Fujifilm: From Ultimate Quality to Character-filled Prints

Portrait, Dia de los Muertos 2022 - Austin, Texas

Portrait, Dia de los Muertos 2022 – Austin, Texas

I have one more Dia de los Muertos portrait that I wanted to showcase separately from yesterday’s post. The Day of the Dead parade has always been a hotbed of experimentation for me. In 2018, I used a vintage 40+-year-old Polaroid SX-70 to make three portraits. (here, here, here). I’ve compared dedicated cameras to the iPhone’s portrait mode. I even made a true analog silver gelatin print of the event.

This year, I experimented with a new camera I recently bought — the Fujifilm Instax Mini Evo. It’s a hybrid camera that captures digital pictures and develops them on instant film. It’s essentially a modest 5MP digital camera grafted onto an analog printer.

Fujifilm is in a unique position in the industry. On one end, they make some of the highest-quality digital cameras. The picture above is from the Fujifilm GFX 50S II, a 51MP medium format camera. Nothing out there makes a high-quality image other than Fuji’s 102MP version and a few other esoteric cameras.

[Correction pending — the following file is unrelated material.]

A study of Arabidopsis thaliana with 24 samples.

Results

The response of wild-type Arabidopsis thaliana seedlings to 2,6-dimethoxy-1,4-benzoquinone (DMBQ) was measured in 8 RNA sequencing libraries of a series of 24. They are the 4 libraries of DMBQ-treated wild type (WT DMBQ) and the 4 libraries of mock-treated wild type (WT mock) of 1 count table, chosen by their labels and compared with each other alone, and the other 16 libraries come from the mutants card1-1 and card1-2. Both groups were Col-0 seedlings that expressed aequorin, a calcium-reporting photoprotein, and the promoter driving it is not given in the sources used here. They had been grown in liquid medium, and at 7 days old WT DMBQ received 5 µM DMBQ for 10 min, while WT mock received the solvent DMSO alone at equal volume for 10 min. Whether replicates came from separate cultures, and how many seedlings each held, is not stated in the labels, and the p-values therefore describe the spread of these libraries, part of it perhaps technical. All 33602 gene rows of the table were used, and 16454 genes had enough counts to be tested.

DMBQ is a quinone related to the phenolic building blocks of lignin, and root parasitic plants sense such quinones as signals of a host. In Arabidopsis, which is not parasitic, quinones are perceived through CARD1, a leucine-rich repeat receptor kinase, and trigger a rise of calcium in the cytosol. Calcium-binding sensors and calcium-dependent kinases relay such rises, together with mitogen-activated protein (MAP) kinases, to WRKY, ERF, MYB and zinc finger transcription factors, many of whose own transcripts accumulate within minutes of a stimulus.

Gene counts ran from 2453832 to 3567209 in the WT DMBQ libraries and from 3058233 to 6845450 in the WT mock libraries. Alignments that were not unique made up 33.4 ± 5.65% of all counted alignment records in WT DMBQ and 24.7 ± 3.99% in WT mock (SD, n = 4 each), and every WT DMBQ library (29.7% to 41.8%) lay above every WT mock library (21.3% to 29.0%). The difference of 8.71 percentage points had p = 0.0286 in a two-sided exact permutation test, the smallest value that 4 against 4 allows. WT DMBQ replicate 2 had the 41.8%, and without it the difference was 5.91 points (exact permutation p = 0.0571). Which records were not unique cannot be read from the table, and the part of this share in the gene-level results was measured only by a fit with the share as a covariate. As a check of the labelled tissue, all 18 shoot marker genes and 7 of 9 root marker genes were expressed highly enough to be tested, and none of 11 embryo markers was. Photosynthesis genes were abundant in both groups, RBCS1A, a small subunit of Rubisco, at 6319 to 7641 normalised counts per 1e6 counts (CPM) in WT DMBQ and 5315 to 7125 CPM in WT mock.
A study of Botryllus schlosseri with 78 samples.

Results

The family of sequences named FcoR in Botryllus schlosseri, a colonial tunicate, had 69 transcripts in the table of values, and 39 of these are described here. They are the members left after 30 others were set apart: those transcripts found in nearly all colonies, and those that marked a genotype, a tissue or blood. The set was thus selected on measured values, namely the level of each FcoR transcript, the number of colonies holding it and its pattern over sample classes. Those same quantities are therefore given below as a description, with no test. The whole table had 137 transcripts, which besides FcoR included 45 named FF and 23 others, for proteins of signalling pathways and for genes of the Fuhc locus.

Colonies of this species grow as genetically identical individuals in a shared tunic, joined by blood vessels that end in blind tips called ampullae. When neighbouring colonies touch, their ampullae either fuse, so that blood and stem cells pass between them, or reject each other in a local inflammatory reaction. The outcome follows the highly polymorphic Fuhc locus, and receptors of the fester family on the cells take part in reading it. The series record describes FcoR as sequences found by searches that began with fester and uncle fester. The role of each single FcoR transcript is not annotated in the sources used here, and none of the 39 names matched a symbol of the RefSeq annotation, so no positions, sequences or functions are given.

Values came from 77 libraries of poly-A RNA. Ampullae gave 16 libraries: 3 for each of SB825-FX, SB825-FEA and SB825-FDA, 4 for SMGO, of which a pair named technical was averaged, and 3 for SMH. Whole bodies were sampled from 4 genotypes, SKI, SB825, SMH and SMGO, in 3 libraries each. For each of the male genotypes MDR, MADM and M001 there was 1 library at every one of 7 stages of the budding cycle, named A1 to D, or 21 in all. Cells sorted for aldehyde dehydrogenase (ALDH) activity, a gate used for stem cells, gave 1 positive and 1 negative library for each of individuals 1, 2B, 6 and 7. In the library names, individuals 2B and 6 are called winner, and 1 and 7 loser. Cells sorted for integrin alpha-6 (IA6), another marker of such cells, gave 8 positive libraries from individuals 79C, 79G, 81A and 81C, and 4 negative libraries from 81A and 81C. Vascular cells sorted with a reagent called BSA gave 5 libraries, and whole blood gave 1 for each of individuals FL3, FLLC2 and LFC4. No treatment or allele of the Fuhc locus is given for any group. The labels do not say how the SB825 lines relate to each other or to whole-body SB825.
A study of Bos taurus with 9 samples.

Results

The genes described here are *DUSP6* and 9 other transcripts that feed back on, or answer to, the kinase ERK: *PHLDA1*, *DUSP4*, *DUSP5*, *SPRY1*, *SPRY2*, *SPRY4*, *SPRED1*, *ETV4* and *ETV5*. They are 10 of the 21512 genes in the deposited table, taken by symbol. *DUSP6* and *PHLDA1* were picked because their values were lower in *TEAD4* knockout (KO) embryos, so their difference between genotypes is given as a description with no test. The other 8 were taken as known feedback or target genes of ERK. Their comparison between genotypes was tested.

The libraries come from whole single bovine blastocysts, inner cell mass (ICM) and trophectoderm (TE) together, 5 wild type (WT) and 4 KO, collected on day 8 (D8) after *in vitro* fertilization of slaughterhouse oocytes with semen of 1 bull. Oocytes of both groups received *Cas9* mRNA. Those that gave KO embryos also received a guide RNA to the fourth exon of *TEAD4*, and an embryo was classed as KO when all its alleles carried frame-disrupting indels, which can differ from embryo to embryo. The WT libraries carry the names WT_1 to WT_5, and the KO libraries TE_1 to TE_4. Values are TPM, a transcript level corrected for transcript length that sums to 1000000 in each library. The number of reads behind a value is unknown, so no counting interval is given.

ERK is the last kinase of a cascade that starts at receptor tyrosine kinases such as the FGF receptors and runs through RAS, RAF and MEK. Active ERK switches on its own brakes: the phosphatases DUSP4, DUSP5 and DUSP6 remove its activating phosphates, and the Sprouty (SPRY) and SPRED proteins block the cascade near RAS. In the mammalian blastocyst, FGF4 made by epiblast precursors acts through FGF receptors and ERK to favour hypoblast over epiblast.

Instax Mini Evo Rich Mode
Instax Mini Evo Natural Mode

Rich and Natural Mode Standard Brightness

Instax Mini Evo Rich Mode x1.5
Instax Mini Evo Rich Mode x2

Rich Mode 1.5x and 2x Brightness

We have Fuji’s Instax cameras on the other end of the spectrum. The hybrid cameras are more versatile and of higher quality than the pure analog versions. However, the image quality is not fantastic. They do create character-filled prints that people seem to love. And by character-filled, I’m euphemistically referring to crappy quality.

But crappy technical quality does not mean bad photos. Conversely, the best high-resolution image does not necessarily make for a great picture. Thus, I enjoy both types of photography. Under the right conditions, the Instax prints can be compelling. People also love getting these keepsakes. It’s a fun way to share photography with others.

I’ll talk more about the Mini Evo in future posts. As you can see, since you capture the image digitally, you can reprint as many pictures as you like. There are also settings for a Rich vs. Natural mode. Also, you have three levels of brightness, standard (1x), semi-bright (1.5x), and bright (2x).

None of these prints exactly matches the rear LCD, though the Rich Mode in 1.5x might be the closest. But the results vary with the image. The Instax film has limited dynamic range and color, producing its unique look.